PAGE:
Designing Fiesta kinetic sculpture

I recently introduced my Fiesta kinetic sculpture edition. This is the circuitous story of its design.

I learned a lot while designing my sculpture Journey, mainly about how the relative mass of one wheel influences the motion of the entire sculpture. This started me wondering how I could use this in an optical patterning sculpture. Would it be effective to have the wheels creating an optical pattern while also swinging and orbiting together?

I started with the basic Journey mechanism but modified it to use wheels with many curved spokes. I knew I needed the front wheel to have a mass similar to the entire carrying mechanism so I doubled the wheel by laying one on top of the other. Having this many spokes all dark or all light was too much of a good thing so I tried one dark and one light. When combined with a dark back wheel this created a new pattern that I found quite exciting. I was beginning to think this might work. I worked up a full animation of how I thought it would look when all running together. I liked what I saw.

I took my drawings to the shop and made the sculpture. I've learned to be patient and make the entire sculpture through finishing. In my younger years I'd be be so anxious to see it actually work I'd skip steps just to get it done. I found that this usually took longer. I'd have problems getting the sculpture to work because in my haste I had made some silly mistake.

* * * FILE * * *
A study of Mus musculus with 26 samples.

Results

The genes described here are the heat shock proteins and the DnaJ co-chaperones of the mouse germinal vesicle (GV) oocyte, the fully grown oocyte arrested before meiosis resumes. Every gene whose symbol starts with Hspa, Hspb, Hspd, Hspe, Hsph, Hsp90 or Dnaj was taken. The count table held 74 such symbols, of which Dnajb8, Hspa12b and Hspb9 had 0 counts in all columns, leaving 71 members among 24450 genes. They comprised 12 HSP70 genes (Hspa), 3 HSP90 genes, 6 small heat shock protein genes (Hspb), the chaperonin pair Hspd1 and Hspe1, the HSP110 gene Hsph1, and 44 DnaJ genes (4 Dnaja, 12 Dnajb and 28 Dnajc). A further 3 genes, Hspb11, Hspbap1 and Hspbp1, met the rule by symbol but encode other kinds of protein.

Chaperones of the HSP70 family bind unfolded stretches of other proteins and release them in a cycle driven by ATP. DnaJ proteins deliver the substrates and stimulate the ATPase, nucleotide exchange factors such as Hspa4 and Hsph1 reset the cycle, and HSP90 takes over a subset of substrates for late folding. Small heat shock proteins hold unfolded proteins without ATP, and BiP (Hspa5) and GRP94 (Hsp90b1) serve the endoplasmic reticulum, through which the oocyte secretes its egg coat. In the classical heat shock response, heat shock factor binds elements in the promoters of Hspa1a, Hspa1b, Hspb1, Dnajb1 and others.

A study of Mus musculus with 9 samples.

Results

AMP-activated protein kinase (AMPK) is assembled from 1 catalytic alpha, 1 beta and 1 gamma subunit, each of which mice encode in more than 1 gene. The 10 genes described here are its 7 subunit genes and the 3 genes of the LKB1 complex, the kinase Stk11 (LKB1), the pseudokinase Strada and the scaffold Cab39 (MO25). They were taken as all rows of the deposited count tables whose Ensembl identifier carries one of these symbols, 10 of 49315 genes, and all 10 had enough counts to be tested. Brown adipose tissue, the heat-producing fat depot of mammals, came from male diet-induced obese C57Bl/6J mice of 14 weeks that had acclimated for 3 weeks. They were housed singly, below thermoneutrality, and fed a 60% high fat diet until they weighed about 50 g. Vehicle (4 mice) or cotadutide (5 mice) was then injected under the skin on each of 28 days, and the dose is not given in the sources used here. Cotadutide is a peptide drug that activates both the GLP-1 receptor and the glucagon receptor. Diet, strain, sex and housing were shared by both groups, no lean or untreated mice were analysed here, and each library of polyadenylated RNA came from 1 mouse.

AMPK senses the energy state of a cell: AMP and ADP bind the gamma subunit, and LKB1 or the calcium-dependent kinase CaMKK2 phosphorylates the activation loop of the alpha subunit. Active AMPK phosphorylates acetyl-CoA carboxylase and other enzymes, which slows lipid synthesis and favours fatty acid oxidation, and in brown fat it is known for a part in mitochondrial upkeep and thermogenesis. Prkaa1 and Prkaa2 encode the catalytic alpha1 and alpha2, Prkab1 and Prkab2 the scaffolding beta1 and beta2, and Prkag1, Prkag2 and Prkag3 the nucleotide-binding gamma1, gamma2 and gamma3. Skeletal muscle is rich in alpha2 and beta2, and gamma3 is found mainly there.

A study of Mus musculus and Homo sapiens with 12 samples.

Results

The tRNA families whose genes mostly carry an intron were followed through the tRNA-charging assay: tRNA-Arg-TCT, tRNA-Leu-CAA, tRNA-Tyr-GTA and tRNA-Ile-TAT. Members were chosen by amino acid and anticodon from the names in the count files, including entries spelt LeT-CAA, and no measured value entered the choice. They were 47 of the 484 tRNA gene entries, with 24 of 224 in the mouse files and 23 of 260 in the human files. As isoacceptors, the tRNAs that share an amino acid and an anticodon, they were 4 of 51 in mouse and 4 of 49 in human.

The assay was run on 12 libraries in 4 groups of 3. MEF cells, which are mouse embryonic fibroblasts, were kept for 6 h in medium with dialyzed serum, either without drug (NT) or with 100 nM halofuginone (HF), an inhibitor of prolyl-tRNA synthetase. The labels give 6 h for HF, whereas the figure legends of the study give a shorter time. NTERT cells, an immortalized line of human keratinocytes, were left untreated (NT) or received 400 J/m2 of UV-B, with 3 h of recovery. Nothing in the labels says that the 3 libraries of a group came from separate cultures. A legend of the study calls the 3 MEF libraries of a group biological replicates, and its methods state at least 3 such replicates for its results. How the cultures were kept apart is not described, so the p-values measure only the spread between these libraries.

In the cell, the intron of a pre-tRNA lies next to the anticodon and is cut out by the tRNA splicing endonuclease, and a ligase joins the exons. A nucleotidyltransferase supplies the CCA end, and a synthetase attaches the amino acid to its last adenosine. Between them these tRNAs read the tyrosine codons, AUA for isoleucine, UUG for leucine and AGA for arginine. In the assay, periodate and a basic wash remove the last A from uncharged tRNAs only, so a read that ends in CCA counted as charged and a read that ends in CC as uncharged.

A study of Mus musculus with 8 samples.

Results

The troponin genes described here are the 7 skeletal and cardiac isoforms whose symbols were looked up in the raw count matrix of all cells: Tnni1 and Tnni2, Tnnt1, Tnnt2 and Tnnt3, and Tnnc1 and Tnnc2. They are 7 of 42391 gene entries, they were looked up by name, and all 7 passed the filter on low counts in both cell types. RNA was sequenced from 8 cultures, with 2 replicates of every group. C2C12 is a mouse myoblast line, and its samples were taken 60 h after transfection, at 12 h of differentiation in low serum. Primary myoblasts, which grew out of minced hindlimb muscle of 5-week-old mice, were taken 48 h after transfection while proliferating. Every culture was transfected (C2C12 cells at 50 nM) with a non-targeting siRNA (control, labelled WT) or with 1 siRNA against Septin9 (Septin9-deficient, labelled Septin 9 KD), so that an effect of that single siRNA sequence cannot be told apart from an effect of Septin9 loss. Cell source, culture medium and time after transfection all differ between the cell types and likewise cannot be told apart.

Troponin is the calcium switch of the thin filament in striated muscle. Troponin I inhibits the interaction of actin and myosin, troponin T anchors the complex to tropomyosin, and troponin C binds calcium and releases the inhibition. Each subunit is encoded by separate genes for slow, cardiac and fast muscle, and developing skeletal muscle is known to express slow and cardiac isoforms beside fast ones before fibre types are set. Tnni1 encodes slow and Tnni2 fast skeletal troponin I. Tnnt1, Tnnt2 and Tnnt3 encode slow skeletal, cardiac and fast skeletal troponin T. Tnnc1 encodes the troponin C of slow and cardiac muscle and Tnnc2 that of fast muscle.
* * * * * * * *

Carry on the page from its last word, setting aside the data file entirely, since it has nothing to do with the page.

This time the sculpture worked in that it moved correctly but it did not create the patterning I had seen in the animation. The patterning was there but not with the frequency and strength I was looking for. I lived with the prototype for several months trying different tweaks but it just wasn't doing what I wanted it to do. Back to the drawing board.

I was hooked on the dark/light/dark patterning. This was something new and I wanted to explore it further. The best mechanism for this was the one I originally designed for Meander but have subsequently used in Phoenix and Radiance. It turns the two wheels in opposite directions but independently so that the patterning shifts with time. A limitation of this mechanism is that the front wheel has to be fairly massive to trip the mechanism. Radiance and Phoenix have large wheels so this isn't a problem but wheels the size I had used in Pinwheel would not normally work well. The fact that this wheel was actually two wheels together so had twice the mass, this might be a perfect fit. Why hadn't I thought of it before?

It took several days of drawing to come up with the actual design of Fiesta. You'd think that knowing the mechanism and the pattering wheels would make it easy but in this case it took quite a while to come together.

In the end I'm very pleased with the result but as usual the path getting there was not a straight one!